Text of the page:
Clyde Barrow Flips His Car Into A Ravine

In June 1933, while driving with W.D. Jones and Parker near Wellington, Texas, Clyde Barrow missed some construction signs and flipped their car over into a ravine.

Parker was doused with battery acid, causing third degree burns to her left leg. After evading arrest, Barrow insisted that Parker be allowed to convalesce. After meeting up with Blanche and Buck Barrow again, they hid out in a motel near Ft. Smith, Arkansas until Buck and Jones bungled a local robbery then killed a city marshal. On July 18, 1933, the gang checked into the Red Crown Tourist Court south of Platte City, Missouri (now within the city limits of Kansas City, Missouri across I-29 from Kansas City International Airport). The Red Crown consisted of two brick cabins joined by two single-car garages, and the gang rented both cabins. Several yards to the south stood the Red Crown Tavern, managed by Neal Houser, who became interested in the group when Blanche Barrow continually paid for dinners and beer with silver coins instead of paper dollar currency.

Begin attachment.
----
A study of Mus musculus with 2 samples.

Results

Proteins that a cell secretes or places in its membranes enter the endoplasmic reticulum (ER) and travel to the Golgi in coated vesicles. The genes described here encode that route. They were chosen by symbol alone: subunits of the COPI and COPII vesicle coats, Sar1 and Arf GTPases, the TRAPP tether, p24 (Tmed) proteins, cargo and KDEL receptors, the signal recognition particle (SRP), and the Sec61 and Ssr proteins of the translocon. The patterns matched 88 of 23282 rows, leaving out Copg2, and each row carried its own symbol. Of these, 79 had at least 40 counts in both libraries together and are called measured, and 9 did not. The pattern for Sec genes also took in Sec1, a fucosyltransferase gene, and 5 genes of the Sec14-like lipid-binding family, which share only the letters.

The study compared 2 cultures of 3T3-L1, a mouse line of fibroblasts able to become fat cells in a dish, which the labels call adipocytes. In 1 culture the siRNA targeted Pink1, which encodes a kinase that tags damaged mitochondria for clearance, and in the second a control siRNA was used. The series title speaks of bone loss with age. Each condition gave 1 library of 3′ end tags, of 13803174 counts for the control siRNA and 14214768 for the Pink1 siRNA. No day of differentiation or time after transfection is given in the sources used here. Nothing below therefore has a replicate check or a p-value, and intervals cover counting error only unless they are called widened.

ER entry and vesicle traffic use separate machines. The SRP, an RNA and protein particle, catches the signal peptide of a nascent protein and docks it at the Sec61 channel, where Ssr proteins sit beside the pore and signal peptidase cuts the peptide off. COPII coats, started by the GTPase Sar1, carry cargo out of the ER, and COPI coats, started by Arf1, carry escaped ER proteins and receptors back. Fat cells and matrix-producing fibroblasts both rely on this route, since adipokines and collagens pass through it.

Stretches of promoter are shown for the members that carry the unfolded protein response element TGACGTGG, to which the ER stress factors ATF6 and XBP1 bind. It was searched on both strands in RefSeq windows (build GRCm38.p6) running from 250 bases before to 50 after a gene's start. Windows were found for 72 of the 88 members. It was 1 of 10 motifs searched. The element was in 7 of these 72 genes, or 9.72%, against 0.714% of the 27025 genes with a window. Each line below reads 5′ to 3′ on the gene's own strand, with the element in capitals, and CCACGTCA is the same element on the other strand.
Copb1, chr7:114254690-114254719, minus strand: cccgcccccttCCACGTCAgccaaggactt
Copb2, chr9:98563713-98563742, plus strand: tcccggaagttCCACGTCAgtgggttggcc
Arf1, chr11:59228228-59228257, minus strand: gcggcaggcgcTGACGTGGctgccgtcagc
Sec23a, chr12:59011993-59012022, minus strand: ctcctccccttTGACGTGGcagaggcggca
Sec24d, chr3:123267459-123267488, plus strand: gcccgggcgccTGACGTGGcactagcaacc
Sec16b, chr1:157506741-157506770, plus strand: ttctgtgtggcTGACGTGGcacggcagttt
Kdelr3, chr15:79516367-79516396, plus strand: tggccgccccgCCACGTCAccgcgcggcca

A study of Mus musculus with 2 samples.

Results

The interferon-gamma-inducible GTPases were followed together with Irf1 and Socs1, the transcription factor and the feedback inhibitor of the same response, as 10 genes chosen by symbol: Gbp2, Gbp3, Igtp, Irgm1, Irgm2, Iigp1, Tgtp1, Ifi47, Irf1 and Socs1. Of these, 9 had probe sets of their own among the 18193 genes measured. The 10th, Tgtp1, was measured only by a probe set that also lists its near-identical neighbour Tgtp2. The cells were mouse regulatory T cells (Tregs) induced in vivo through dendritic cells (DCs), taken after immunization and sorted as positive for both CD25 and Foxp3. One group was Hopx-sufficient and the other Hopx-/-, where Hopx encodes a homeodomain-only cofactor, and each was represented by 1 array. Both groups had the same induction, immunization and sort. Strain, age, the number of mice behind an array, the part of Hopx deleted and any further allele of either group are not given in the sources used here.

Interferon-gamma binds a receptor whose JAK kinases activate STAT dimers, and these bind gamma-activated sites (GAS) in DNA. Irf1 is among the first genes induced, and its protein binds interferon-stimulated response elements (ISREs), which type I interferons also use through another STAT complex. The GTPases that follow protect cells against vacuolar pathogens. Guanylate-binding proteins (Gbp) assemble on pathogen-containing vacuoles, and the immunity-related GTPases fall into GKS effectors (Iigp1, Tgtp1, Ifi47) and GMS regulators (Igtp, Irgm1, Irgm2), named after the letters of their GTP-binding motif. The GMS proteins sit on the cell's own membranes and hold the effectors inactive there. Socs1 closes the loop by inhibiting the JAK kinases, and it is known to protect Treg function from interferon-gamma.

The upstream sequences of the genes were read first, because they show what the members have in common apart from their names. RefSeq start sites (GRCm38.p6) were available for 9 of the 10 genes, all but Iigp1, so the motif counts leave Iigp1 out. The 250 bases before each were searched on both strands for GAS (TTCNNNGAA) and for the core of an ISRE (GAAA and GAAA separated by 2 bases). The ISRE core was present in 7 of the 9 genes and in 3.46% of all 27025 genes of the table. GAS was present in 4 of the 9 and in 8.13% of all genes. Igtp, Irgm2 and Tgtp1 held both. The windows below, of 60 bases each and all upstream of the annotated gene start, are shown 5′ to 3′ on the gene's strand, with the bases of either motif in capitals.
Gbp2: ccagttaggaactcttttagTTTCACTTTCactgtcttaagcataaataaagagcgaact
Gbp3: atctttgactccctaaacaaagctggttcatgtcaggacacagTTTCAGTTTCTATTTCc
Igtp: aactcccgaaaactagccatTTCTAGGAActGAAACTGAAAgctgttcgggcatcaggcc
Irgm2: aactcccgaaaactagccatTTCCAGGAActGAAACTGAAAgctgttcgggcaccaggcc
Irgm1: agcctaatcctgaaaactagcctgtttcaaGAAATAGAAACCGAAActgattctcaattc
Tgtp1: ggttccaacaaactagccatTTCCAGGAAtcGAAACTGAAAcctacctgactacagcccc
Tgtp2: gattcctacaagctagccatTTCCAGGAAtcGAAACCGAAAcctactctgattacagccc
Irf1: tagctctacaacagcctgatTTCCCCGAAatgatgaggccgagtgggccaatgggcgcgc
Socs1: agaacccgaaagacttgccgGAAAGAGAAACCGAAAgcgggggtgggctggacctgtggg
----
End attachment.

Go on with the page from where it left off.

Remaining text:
Bonnie Parker (October 1, 1910 – May 23, 1934) and Clyde Barrow (March 24, 1909 – May 23, 1934) were well known outlaws, robbers, and criminals who, with their gang, traveled the Central United States during the Great Depression. Their exploits were known nationwide. They captured the attention of the American press and its readership during what is sometimes referred to as the "public enemy era" between 1931 and 1934. Though their gang was notorious for their bank robberies, Barrow preferred to rob small stores or gas stations. The gang was believed to have killed at least nine police officers and committed several other murders. They were eventually ambushed and killed in Louisiana by law officers.